As part of the ongoing revamping of its primetime lineup,
MSNBC last week canceled John Hockenberry's nightly 10 p.m. Hockenberry interview
show, with the final one airing last Thursday.
That cancellation is just part of MSNBC's game plan to
overhaul its schedule in an attempt to drive up its ratings. Last week, MSNBC also moved
Oliver North's Equal Time to 6:30 p.m. from 8 p.m., and it debuted the first of a
series of one-hour primetime specials, Special Edition, that will air in the 8 p.m.
Hockenberry -- who had a prior show on MSNBC, Edgewise,
which had also been canceled -- will reportedly be moving over to work for NBC's Dateline.
The night before his final show, Hockenberry started what
turned out to be a series of parting shots. On his Wednesday show, he told his audience
that the Thursday program would be his last, adding that he was weighing what his final
topic should be.
"We're considering some bottom-line questions, like:
How bad does cable TV suck?" Hockenberry said last Wednesday.
On his last show Thursday, Hockenberry made reference to
"Now last night
I did make a possibly
unprofessional allusion that the subject of tonight's program would be the quality of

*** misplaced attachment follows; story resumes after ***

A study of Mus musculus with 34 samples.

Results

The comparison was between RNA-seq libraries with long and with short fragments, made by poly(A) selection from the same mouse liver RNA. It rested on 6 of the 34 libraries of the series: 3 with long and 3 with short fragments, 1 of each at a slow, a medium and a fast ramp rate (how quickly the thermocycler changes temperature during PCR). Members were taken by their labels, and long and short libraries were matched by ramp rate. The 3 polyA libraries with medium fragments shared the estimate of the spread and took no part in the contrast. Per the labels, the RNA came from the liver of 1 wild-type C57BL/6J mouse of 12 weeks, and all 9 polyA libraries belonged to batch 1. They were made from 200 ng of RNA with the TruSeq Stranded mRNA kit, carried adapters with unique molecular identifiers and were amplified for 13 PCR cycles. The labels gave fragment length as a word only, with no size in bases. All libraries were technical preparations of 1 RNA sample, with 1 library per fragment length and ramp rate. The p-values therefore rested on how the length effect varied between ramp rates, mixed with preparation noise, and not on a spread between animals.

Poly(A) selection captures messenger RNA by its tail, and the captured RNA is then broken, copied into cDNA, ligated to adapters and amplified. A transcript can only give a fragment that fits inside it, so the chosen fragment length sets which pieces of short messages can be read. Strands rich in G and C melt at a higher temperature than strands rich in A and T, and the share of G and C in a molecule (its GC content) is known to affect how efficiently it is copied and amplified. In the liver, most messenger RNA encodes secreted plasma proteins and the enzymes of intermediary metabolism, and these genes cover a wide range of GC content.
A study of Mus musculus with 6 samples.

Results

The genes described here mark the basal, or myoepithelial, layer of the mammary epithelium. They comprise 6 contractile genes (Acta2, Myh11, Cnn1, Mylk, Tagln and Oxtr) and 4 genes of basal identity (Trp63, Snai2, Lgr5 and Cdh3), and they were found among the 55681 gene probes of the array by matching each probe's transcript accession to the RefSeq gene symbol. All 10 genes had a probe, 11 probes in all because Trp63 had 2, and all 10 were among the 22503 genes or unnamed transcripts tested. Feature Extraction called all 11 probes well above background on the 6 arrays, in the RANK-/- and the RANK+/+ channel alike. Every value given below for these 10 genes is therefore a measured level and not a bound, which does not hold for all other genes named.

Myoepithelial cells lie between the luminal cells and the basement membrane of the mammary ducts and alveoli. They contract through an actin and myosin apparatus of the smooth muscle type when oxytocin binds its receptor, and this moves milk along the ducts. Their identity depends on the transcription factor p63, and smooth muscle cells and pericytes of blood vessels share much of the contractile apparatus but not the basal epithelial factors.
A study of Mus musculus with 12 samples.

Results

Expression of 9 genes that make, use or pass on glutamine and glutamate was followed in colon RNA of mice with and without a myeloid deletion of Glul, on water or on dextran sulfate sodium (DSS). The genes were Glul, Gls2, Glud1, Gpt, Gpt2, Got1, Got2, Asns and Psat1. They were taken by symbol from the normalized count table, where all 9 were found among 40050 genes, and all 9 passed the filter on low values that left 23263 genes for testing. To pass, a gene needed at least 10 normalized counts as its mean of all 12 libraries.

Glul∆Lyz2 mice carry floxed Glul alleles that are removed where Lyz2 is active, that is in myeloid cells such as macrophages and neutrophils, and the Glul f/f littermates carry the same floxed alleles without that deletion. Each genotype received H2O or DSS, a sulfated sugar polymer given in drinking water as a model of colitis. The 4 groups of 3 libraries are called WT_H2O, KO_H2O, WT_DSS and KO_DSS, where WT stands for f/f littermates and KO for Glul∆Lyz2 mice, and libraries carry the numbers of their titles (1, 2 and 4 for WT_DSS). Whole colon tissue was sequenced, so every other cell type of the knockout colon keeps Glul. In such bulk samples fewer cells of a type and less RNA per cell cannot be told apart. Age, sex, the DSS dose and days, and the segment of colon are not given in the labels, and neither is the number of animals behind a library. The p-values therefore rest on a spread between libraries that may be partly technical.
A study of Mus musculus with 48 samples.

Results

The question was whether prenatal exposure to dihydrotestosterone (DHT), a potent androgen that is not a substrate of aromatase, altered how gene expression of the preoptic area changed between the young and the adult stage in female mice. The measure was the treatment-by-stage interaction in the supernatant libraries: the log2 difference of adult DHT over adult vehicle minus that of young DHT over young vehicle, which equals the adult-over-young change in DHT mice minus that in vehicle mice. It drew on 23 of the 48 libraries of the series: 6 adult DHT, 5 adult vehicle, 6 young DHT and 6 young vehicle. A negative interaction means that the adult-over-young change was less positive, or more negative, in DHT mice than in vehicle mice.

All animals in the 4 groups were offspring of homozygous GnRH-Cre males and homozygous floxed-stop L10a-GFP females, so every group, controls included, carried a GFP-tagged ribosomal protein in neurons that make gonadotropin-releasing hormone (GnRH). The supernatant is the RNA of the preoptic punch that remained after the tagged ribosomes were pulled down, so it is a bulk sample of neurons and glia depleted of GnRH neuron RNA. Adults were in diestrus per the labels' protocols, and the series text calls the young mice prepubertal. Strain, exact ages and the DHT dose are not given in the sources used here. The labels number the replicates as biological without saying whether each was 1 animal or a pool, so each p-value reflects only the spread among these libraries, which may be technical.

content on cable television," he said. "I want to say to everyone tonight that
is not going to be our subject because, actually, I was thinking about it today,
and that question is absolutely settled."
Hockenberry got a few more jabs in. In a discussion on the
respectability of the press, he said, "The respectable press? Remember, you're on a
cable show, buddy."
And ending his show, Hockenberry signed off with, "In
the 5 trillion-channel world, these moments don't really mean very much anymore, but let
met stop the drive-by-shooting information age we call cable television and say: See you
again sometime, maybe on Dateline."
As for the new replacement Special Edition specials,
they will include original interviews, segments from NBC News and NBC archival footage.
The inaugural Special Edition aired last Thursday,
anchored by Soledad O'Brien, and it included a profile on serial killers, a feature on
famous lost fortunes tied to Elton John's recent financial problems and a consumer report
on sunscreen usage.
MSNBC officials have declined to comment in detail on their
new primetime schedule, which they said they will officially unveil in the next few weeks.
But the lineup will include Matt Lauer's new biography
show, Headliners and Legends, as well as sister network CNBC's Hardball with
Chris Matthews, whichwill reportedly switch networks.